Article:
When Does “Whole” Not Really Mean “Whole”?

So, the other night we went to try out a new Mexican restaurant in town.  I’d read about it when they opened, and had been dying to try it out.  Plus, Jimmy and Jordan said that it was very good.  Jordan’s opinion was based solely on her usual order of tostadas, but since they were not made with black beans (like the ones at the very tasty Rio), she gave it the thumbs up.

After reading through the menu, and facing my typical indecisiveness (wanting to try everything!), I decided on the whole tilapia.  Now… the menu described this as being a whole tilapia, rubbed in various seasonings, and then fried (or grilled, or whatever they did to it…)  Considering that it was described as a whole tilapia, I thought, “Hey, I bet that’ll be the whole fish!”  (Yes, I assumed it would be head and all… seemed like a reasonable assumption, based on the description…)

When the waitress brought the meals out, she looked at me with panic on her face, and said,

  • “Oh, I should have explained this to you when you ordered!  Did you know that this would be the whole fish?”
  • “Well, I figured it probably would be…” 
  • “Okay – so you’re okay with the whole fish?”
  • “Um… yes…”

Later on in the meal, I’m eating my fish (which tasted delicious, and came with some really veggies), and the manager is walking around the restaurant chatting with customers.  He stopped by the table, and looked at me with surprise, and asked if that’s what I expected to be getting when I ordered it.  I replied that I wasn’t entirely sure what it would look like, but I’d figured I’d be getting the whole fish, based on the menu’s description.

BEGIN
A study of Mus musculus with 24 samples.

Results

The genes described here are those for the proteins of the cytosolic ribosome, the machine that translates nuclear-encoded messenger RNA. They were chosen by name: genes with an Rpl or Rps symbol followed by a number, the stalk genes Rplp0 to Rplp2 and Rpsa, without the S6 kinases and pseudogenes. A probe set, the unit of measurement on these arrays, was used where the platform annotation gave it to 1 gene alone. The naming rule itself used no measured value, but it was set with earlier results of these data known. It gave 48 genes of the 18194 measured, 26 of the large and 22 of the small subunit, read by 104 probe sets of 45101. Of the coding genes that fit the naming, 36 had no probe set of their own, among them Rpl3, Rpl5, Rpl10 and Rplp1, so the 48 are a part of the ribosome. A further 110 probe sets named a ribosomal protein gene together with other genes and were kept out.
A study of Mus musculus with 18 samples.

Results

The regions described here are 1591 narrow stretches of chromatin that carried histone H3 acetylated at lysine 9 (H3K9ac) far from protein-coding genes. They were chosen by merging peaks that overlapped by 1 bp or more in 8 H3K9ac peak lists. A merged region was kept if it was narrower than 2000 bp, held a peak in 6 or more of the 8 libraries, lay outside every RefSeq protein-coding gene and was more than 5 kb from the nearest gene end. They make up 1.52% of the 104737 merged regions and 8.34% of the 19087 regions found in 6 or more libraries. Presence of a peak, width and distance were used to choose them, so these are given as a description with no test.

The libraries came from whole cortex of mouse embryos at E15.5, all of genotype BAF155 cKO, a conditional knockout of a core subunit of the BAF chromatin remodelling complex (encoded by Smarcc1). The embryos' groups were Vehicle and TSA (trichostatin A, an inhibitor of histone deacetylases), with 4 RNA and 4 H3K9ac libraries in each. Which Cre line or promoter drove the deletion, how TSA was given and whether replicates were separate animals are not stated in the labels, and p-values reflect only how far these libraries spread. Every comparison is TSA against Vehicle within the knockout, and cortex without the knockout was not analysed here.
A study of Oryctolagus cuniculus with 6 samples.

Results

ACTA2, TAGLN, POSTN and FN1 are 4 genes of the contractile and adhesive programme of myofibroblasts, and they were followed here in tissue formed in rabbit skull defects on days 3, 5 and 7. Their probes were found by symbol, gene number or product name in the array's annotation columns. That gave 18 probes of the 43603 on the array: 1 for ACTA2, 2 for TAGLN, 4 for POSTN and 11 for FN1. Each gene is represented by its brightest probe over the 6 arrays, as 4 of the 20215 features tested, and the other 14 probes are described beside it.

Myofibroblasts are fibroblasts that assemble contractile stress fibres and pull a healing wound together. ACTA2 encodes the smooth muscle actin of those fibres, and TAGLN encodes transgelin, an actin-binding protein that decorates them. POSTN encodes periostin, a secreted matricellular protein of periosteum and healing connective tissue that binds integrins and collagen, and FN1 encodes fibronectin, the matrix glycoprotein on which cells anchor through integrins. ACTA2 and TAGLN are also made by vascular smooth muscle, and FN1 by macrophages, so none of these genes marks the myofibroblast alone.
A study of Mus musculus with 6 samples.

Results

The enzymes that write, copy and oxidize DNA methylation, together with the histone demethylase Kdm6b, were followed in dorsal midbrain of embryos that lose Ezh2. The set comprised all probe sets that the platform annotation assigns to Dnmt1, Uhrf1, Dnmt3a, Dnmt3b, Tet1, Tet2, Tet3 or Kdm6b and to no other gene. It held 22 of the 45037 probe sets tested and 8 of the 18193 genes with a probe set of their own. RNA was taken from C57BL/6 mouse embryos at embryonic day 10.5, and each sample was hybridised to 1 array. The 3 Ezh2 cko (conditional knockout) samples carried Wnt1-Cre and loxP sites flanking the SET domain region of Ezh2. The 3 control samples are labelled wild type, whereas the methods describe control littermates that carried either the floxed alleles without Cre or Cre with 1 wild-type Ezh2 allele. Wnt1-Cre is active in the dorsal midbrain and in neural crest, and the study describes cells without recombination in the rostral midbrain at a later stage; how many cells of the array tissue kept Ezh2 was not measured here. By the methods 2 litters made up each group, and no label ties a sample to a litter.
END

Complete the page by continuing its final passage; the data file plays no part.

Apparently, people are sometimes surprised by actually getting a whole fish when they order a whole fish.  Is not reading the description really a valid reason for returning a meal?!

In the past, I might have avoided ordering this particular item, in order to avoid having a fish head on my plate.  However, after one meal with a whole fried up pigeon in Shanghai, the whole fish was a piece of cake.  (Er… not literally!)

It did provide for some interesting after-dinner conversation…

  • Tina: “Hey, your fish is biting me.”
  • Me: “You could try taking your finger out of its mouth.”